Green growth on North Side of new roof?

I had a new roof put on three years ago, and spent the extra money to get the 50 year top of the line product. The work was great, the roof looks great... except in one area in the front of our house where one soffet overhangs about 5 feet of roof from the room below. This is on the north side. We've even cut back the bigger trees last year so nothing is overhanging the house.
So how do I rid myself of this green growth. It's almost microscopic, and not moss. It could be a green mold maybe? But should I try bleach or boraxo or what? I have a 2300 psi washer, but I know that this would be a no-no. Ideas?
Mike
Add pictures here
<% if( /^image/.test(type) ){ %>
<% } %>
<%-name%>
Add image file
Upload
snipped-for-privacy@hotmelt.com wrote:

Roof material? If it is 50 years I'm guessing tile. Or metal?
Add pictures here
<% if( /^image/.test(type) ){ %>
<% } %>
<%-name%>
Add image file
Upload
wrote:

Next contestant! The roof's not 50 years old, it's 3 years old and the material has a 50 year guarantee.
Add pictures here
<% if( /^image/.test(type) ){ %>
<% } %>
<%-name%>
Add image file
Upload
Doug Kanter wrote:

I didn't say it was 50 years old. I said "it" (the warranty) was 50 years.
Add pictures here
<% if( /^image/.test(type) ){ %>
<% } %>
<%-name%>
Add image file
Upload

One of us is mixed up, and there's a 51% chance it's me. :-) Gotta stop doing 12 things at once.
Add pictures here
<% if( /^image/.test(type) ){ %>
<% } %>
<%-name%>
Add image file
Upload
Don't know where you live but here in FL it is common for algae or mildew to grow on the north side of the house (or wherever the sun doesn't hit until later in the day). We have a man who comes around once a year and sprays the roof with mildecide. Or, if it's not too bad - you can use sprayer (like for insecticide) and spray Clorox to remove stain. You can buy mildecide at Home Depot and spray that, too. It usually removes the stain plus prevents (or helps keep it from coming back for about a year).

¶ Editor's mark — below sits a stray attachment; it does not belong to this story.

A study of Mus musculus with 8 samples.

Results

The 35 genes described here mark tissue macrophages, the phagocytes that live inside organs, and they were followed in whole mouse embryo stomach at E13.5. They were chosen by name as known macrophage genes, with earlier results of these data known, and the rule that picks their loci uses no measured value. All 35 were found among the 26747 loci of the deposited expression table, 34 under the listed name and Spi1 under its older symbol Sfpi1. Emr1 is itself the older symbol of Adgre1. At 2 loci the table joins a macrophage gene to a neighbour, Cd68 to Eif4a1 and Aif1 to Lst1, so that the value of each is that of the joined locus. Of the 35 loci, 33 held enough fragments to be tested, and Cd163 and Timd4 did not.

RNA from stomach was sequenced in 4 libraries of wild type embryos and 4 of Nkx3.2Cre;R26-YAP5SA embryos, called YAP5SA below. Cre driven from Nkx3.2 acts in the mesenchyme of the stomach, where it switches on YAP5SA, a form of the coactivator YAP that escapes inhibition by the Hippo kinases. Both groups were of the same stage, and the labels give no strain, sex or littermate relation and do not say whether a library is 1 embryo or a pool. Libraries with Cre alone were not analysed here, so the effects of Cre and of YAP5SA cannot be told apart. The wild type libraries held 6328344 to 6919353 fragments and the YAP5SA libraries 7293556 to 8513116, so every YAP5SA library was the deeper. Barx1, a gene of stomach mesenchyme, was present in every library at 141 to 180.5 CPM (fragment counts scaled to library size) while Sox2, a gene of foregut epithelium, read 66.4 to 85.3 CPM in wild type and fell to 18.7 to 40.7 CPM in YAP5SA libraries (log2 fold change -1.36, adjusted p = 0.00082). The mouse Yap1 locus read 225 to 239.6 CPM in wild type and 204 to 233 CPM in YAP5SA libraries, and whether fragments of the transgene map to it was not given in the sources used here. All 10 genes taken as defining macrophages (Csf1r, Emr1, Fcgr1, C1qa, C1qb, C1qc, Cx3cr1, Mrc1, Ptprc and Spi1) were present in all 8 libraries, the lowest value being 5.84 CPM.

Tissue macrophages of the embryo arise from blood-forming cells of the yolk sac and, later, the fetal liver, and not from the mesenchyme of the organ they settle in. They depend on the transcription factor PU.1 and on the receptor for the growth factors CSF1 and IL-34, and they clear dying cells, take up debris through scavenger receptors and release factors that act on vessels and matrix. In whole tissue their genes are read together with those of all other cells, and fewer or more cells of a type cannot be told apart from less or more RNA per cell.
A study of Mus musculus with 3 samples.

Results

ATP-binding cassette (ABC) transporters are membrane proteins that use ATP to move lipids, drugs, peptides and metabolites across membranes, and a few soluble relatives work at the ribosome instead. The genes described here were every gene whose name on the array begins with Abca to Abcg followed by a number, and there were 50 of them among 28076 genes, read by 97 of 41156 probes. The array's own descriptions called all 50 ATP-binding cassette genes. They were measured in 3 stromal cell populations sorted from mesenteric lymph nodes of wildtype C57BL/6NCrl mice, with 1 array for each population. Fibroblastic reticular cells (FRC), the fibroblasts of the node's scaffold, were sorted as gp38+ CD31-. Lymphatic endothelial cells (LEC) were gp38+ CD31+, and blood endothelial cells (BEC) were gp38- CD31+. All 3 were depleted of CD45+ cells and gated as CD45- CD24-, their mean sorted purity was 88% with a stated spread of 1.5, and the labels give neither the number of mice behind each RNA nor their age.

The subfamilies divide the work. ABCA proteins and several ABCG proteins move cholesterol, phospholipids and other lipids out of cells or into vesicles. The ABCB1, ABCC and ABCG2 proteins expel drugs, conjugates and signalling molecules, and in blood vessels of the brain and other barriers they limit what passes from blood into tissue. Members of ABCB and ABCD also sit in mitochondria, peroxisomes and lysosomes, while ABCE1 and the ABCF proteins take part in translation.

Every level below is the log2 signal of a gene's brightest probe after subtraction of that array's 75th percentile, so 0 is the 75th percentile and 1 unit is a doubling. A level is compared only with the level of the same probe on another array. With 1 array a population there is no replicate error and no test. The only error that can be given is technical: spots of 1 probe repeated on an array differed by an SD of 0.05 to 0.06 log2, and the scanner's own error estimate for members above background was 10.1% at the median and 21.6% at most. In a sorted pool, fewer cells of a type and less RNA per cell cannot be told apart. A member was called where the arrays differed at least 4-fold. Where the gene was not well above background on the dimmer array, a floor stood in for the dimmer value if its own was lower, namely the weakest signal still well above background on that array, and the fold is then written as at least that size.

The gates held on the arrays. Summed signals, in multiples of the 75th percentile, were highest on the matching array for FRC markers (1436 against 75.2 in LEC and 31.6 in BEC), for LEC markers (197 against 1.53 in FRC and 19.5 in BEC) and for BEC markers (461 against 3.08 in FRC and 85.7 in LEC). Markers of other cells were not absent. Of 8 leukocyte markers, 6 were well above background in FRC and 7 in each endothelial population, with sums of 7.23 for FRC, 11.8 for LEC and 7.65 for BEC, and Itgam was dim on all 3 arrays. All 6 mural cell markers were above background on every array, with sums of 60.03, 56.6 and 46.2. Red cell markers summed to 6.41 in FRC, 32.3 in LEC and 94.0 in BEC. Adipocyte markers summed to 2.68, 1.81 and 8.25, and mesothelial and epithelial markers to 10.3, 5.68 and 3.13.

Add pictures here
<% if( /^image/.test(type) ){ %>
<% } %>
<%-name%>
Add image file
Upload
Green algae and/or fine moss is common on sheltered n-side roof exposures. Several ways to treat - easiest is spray bleach if it is a small area. Will have to be reapplied every couple of years. Also, Home Depot sells a zinc solution for moss and algae, to be diluted then sprayed on, but it is fairly pricey and toxic to other plants. I control moss formation, once roof is cleaned, with a strip of pure zinc metal at the top of the slope, but if rain does not hit at the top slope, this wont work, as the method relies on rainwater leaching out zinc ions from the metal, and spreading them downslope...

Add pictures here
<% if( /^image/.test(type) ){ %>
<% } %>
<%-name%>
Add image file
Upload
First... I have to end the confusion. The roof is 3 years old, and it has a 50-year guarantee.
Sounds like the home method of spraying some bleach in a pump sprayer should do the trick. We were concerned that the bleach might affect the base color of the actual shingles. Would a 50/50 mix be appropriate or full strength?
Mike
wrote:

Add pictures here
<% if( /^image/.test(type) ){ %>
<% } %>
<%-name%>
Add image file
Upload
snipped-for-privacy@hotmelt.com wrote:

Shingles.
OK then -
Avoid chorine bleach as a roof cleaner. Chlorine bleach can discolor shingles or shakes, it can kill vegetation on the ground if it runs onto the ground as it is rinsed from the roof and it can accelerate corrosion of metal gutter and downspout systems. Use non-toxic oxygen bleach. The bleach powder is mixed with water and applied to a cool roof surface, preferably on an overcast day. If you keep the roof surface wet with the solution for just 20 minutes and then lightly scrub the roof surface, green algae almost always comes off.
Add pictures here
<% if( /^image/.test(type) ){ %>
<% } %>
<%-name%>
Add image file
Upload

HomeOwnersHub.com is a website for homeowners and building and maintenance pros. It is not affiliated with any of the manufacturers or service providers discussed here. All logos and trade names are the property of their respective owners.